Updated: 2013-12-18 17:06
( Agencies)

JUBA - The United States said on Wednesday it would evacuate non-essential embassy staff and citizens from South Sudan after army factions clashed, killing up to 500 people and raising fears of broader civil conflict in the two-year-old nation.

Two days of street battles between the factions, split along ethnic lines, have left part of the capital in ruins after fighting broke out on Sunday night in what the government called a coup attempt.

The government said it arrested 10 people, including seven former ministers, over the "foiled coup" and that several others, including former Vice President Riek Machar, were being sought for questioning.

The United States, which has urged its citizens to leave South Sudan, said it would start evacuating its people from Juba airport on flights organised by the US State Department.

Britain said it was gathering the names of any citizens who wanted to leave and residents said other nations were expected to follow. Many aid workers live and work in Juba.

Diplomats said the United Nations had reports of between 400 and 500 people killed and up to 800 wounded.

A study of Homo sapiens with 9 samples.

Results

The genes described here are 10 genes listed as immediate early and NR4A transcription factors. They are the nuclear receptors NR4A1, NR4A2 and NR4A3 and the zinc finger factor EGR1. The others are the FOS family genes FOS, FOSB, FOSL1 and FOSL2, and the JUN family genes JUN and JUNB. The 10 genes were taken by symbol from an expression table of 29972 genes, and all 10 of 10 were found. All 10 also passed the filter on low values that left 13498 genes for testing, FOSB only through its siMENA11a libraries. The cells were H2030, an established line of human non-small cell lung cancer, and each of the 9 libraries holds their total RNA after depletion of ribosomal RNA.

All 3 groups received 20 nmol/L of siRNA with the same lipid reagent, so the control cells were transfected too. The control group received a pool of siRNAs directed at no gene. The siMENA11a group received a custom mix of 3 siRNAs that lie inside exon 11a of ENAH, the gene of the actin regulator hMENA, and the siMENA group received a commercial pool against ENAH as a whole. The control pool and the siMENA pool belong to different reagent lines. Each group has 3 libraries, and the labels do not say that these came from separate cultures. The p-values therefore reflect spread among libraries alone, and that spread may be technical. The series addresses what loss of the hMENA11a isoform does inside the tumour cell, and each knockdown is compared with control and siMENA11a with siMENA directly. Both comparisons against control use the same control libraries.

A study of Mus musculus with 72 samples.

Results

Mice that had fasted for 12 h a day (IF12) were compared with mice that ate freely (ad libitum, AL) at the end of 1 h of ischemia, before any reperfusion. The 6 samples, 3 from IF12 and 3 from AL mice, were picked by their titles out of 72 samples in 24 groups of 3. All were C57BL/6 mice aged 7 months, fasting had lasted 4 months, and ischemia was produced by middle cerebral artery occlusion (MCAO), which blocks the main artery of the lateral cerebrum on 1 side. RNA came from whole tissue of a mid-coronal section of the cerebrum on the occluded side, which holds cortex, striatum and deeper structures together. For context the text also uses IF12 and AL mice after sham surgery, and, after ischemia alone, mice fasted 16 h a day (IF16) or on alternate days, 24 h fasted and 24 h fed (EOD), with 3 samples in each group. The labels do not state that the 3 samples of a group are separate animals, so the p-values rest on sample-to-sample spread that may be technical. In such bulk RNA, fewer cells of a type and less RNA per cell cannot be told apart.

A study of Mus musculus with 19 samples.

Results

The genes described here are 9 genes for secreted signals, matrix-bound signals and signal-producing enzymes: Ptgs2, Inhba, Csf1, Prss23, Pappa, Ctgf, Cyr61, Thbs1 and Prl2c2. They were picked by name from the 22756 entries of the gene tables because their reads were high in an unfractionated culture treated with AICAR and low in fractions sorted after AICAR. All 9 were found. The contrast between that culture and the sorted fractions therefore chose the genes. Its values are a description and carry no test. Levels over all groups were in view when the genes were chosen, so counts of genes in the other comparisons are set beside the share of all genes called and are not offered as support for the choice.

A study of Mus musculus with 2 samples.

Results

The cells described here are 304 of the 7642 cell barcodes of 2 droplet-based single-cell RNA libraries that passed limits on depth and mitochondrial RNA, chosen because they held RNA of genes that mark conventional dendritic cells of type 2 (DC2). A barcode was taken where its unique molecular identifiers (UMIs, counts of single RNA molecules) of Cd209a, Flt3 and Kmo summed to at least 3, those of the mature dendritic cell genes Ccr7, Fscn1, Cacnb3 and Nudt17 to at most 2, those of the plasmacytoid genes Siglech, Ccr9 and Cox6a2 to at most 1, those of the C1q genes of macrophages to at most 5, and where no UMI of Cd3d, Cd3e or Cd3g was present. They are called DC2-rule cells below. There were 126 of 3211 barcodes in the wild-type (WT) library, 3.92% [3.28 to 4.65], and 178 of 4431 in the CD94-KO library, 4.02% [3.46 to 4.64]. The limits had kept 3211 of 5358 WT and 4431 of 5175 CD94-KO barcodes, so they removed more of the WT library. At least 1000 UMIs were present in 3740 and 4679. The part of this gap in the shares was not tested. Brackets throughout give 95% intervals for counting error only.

President Salva Kiir blamed Machar's supporters for the clashes.

The president sacked Machar in July after criticising the government for failing to deliver improvements more swiftly in South Sudan, one of Africa's poorest nations, since it gained independence from Sudan in 2011.

Kiir and Machar come from rival ethnic groups that have fought before. But analysts say divisions in South Sudan go deeper as rival factions running broadly along ethnic lines have emerged in the army, probably beyond the leaders' control.

"Most people are scared they might be confronted with a mob or see dead bodies," said one aid worker in Juba, adding that the city was calmer on Wednesday morning, after residents woke to heavy gunfire and artillery blasts on Monday and Tuesday.

Majok Guangdong Thiep, South Sudan's ambassador to Kenya, told Kenyan television the airport would re-open on Wednesday. He said the situation in Juba was under control.

However, an official at Kenya airline Fly540 said a flight due to depart at 8 a.m. (0500 GMT) from Nairobi for Juba did not leave because the South Sudanese airport was not open.

"Planes due to take off for Juba are empty as people don't want to go there. Even the Sudanese don't want to go home," said the Fly540 official, who asked not to be identified.